What income determines if we get ANCHOR if we’re not married?

— Homeowner

A. Good question.

The new ANCHOR property tax benefit has homeowners and renters asking a lot of questions.

If you’re a homeowner and your 2019 gross income was up to $150,000, you will get $1,500. If you had gross income between $150,000 and $250,000, you will get up to $1,000. Renters are included, too. Those with 2019 gross income of $150,000 or less will receive $450.

Eligibility is based on how taxpayers file their income tax return, the state Treasury Department said.

“If a couple is unmarried and file individually, their ANCHOR eligibility will be based on their individual incomes, so each could earn up to $250,000 and receive a rebate,” it said.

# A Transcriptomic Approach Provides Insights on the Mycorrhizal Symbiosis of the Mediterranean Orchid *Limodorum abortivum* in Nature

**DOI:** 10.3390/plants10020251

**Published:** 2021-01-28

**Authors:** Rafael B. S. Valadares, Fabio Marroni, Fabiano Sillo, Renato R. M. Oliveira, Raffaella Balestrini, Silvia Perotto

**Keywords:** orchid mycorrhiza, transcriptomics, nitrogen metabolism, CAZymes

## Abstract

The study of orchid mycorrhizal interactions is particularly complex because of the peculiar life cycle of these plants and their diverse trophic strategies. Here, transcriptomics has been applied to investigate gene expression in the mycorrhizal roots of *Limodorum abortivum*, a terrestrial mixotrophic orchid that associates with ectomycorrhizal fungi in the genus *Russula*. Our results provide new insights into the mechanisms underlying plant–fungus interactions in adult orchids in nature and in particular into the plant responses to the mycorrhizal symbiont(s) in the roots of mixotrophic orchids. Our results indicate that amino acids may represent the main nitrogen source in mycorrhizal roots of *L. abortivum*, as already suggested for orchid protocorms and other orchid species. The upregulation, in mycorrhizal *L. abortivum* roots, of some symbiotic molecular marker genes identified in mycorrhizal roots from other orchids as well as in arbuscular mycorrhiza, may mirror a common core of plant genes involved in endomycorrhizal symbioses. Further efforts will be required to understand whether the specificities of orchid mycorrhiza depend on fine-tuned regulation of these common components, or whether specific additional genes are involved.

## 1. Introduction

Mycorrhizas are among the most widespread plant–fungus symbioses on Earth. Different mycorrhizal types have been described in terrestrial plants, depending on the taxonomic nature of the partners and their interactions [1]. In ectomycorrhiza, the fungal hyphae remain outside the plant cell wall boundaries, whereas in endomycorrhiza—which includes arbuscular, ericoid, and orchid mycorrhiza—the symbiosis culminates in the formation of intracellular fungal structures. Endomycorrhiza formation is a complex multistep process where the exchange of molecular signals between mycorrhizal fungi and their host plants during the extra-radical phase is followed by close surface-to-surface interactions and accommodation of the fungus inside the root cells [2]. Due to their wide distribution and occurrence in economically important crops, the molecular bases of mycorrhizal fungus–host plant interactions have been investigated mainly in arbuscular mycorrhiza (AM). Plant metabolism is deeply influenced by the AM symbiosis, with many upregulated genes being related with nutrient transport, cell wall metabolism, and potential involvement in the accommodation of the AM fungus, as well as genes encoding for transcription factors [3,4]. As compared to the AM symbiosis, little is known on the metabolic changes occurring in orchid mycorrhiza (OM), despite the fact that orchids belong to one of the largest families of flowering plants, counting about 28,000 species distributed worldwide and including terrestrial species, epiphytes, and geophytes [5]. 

Let’s go over the income limits.

Income isn’t the only eligibility factor, though.

Unlike the Homestead Rebate, which this benefit replaces, age is not a factor.

You must have owned a house or condominium before Oct. 1, 2019 and paid property taxes, or as a renter, you must have rented an apartment, condominium, house, or rented or owned a mobile home located in a mobile home park on Oct. 1, 2019.

If you were a resident shareholder of a cooperative housing complex or a resident of a continuing care retirement community, where your contract requires you to pay property taxes on your unit, you are also considered a homeowner.

You don’t qualify if as a homeowner, you had income of more than $250,000 or as a renter, you had income of more than $150,000.

Those whose residences were exempt from paying property taxes, or those who made P.I.L.O.T. (payments-in-lieu-of-tax) payments, are not eligible.